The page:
HRB 793, Case Studies in Herbal Product Design, is designed to present groups of students with business challenges and have them leverage all of their education and skills to present recommendations to the stakeholders. All students signed a legally binding Non-Disclosure Agreement (NDA) prior to working with the stakeholders. For that reason, there are no artifacts, only this reflection.
We met with our stakeholders early on and were presented with various business problems. We were divided into groups and given particular areas to focus on. As a group, and individually, we immediately began researching to understand the problems and look for solutions. The surprising part of the process was that the solutions, or hypothesis, were frequently determined to be outside the scope of assigned work. Finding good ideas and then having to discard them because they are assigned to another group, or contrary to core values or framework of a company, requires significant discipline. Maintaining that discipline and avoiding scope creep was a constant challenge throughout the course.
I learned a great deal about some of the business problems faced by herbal product manufacturers. I personally made phone calls to the health departments and various state and county bodies within the states where the company is located. I was able to learn about the laws and regulations that applied to the company and their products. I built upon my understanding of the Good Manufacturing Process (GMP) requirements. I can easily located certified kitchens that pass inspection criteria and allow manufacturers to be GMP compliant. Additionally, I learned further nuisances that cause herbal products to be regulated as food (teas, honeys, etc), cosmetics (topical balms, lotions, etc), drugs (any product marketed as a treatment for a disease), and alcohol (herbal cordials, bitters, etc).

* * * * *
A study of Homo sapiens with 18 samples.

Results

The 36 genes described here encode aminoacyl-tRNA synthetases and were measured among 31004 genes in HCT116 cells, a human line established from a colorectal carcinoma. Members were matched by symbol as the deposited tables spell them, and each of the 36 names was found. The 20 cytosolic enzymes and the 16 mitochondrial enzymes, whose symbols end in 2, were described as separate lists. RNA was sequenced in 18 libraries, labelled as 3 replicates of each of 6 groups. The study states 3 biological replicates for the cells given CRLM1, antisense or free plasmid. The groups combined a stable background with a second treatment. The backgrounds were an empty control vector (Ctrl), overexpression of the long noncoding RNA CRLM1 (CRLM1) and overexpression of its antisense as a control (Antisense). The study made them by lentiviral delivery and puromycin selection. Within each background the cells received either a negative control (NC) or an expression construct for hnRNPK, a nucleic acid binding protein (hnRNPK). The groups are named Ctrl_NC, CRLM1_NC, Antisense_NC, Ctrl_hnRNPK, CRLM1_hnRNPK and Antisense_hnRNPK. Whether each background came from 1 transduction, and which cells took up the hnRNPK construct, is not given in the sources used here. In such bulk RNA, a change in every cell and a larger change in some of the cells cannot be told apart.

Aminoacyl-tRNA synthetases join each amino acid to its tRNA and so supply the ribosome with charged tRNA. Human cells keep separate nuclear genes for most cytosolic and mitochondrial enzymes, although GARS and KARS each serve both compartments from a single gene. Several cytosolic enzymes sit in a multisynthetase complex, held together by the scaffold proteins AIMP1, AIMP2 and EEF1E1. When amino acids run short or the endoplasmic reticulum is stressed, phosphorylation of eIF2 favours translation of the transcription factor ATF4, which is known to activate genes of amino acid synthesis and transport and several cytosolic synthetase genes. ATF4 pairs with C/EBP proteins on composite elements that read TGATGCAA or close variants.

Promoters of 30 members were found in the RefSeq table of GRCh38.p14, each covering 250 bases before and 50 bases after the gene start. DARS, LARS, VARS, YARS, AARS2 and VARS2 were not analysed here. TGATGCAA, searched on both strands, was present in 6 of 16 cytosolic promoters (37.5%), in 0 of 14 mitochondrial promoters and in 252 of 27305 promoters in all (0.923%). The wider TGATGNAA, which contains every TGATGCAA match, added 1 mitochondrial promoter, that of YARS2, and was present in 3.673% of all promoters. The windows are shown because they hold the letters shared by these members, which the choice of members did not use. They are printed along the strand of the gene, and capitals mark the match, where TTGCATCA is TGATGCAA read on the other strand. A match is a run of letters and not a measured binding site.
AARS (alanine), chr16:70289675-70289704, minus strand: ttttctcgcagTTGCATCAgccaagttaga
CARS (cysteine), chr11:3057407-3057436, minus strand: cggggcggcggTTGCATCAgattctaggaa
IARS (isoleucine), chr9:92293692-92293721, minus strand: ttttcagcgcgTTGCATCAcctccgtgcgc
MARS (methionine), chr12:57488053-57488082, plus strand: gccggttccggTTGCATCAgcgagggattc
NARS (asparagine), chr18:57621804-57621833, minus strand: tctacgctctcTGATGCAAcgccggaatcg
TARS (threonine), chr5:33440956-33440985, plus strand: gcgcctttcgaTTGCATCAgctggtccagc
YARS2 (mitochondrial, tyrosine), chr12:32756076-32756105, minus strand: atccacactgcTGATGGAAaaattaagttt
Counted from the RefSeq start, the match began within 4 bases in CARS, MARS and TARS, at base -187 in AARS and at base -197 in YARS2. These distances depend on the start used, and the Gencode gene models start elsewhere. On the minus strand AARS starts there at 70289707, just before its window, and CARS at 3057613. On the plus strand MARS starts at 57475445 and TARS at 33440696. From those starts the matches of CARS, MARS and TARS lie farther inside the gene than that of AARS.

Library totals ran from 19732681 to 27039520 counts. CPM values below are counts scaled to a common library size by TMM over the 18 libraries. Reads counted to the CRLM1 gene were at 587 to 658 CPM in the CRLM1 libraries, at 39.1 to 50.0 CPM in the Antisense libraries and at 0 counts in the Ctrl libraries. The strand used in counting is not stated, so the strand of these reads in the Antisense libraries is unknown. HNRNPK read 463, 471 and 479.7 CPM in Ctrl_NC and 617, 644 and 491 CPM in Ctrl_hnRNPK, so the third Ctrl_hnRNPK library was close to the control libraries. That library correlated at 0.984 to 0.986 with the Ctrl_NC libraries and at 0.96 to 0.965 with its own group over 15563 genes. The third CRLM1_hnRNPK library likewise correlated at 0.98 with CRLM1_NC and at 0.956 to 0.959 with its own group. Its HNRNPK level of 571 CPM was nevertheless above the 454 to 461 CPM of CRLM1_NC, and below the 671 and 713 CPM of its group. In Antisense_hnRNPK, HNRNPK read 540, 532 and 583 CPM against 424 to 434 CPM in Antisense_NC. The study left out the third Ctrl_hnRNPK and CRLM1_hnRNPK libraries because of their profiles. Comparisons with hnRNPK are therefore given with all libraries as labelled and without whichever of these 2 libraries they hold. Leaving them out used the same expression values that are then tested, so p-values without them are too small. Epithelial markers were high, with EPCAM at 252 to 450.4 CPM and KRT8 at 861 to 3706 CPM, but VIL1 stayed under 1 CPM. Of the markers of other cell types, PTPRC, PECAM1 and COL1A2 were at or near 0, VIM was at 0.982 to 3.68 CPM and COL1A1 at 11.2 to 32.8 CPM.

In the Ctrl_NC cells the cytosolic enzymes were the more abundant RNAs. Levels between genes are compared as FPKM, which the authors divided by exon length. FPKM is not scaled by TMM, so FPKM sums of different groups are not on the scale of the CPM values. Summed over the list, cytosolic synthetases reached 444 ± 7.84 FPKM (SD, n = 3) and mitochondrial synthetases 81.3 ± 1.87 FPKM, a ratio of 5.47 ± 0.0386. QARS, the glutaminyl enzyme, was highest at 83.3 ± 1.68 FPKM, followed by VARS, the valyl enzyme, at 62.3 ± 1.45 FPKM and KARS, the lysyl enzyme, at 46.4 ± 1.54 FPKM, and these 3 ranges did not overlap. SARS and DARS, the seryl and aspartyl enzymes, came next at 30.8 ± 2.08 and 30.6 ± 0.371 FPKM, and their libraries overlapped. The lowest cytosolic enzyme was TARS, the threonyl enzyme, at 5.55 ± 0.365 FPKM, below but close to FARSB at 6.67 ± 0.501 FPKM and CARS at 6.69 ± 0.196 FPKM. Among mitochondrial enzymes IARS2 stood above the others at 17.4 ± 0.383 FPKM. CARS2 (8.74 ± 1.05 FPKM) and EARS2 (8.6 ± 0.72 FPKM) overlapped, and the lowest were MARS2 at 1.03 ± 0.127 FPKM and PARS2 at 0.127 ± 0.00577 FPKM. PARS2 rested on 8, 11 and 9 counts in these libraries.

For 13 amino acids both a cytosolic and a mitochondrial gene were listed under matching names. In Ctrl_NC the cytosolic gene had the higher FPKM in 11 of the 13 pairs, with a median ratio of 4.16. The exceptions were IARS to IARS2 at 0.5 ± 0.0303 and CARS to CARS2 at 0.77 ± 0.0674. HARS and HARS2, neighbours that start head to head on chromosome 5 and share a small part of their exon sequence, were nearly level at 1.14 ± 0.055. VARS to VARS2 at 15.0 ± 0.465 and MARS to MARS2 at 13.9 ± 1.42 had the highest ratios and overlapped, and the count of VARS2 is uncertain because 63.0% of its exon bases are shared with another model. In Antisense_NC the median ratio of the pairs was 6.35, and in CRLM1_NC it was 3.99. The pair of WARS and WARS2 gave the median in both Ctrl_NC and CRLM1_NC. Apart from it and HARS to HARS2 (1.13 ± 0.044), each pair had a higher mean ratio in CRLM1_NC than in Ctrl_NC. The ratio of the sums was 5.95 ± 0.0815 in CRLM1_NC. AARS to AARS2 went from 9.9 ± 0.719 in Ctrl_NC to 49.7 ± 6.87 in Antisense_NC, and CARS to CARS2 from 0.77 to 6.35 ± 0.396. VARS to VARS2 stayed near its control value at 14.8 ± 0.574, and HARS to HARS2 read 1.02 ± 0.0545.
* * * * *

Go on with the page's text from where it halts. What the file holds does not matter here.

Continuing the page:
This course was predominantly group work, which presents its own challenges and learning opportunities. I will end this reflection by including an excerpt from my Individual Reflection Paper that I believe illustrates some of MUIH’s core values while staying authentic to who I am as an herbalist.
First, the group members each had different perspectives shaped by their cultural, religious, or social beliefs. Added to that, each group member had unique work experience and skills. The diversity in the group provided an advantage because it complimented the areas where I am weak. For instance, I apply a logical, analytic approach to problem-solving. I am not good at intuiting what others care about or understanding how information may be received. I have not worked in jobs where feelings were taken into account so it is a significant shortcoming for me.
In the fields of computer science and intelligence, there can be an undertone of academic and intellectual elitism. Value is placed on those with strength in those areas. Intellectual property and expertise are the currency. That currency does not serve a different market. When dealing with healers, particularly those interested in holistic or spiritual healing, a deep understanding of scientific principles may not be as useful as someone with intuition and an ability to connect with people or plants. Without the intuition and insight from my teammates, I may well have been tone deaf to the needs of the stakeholders or unable to understand them.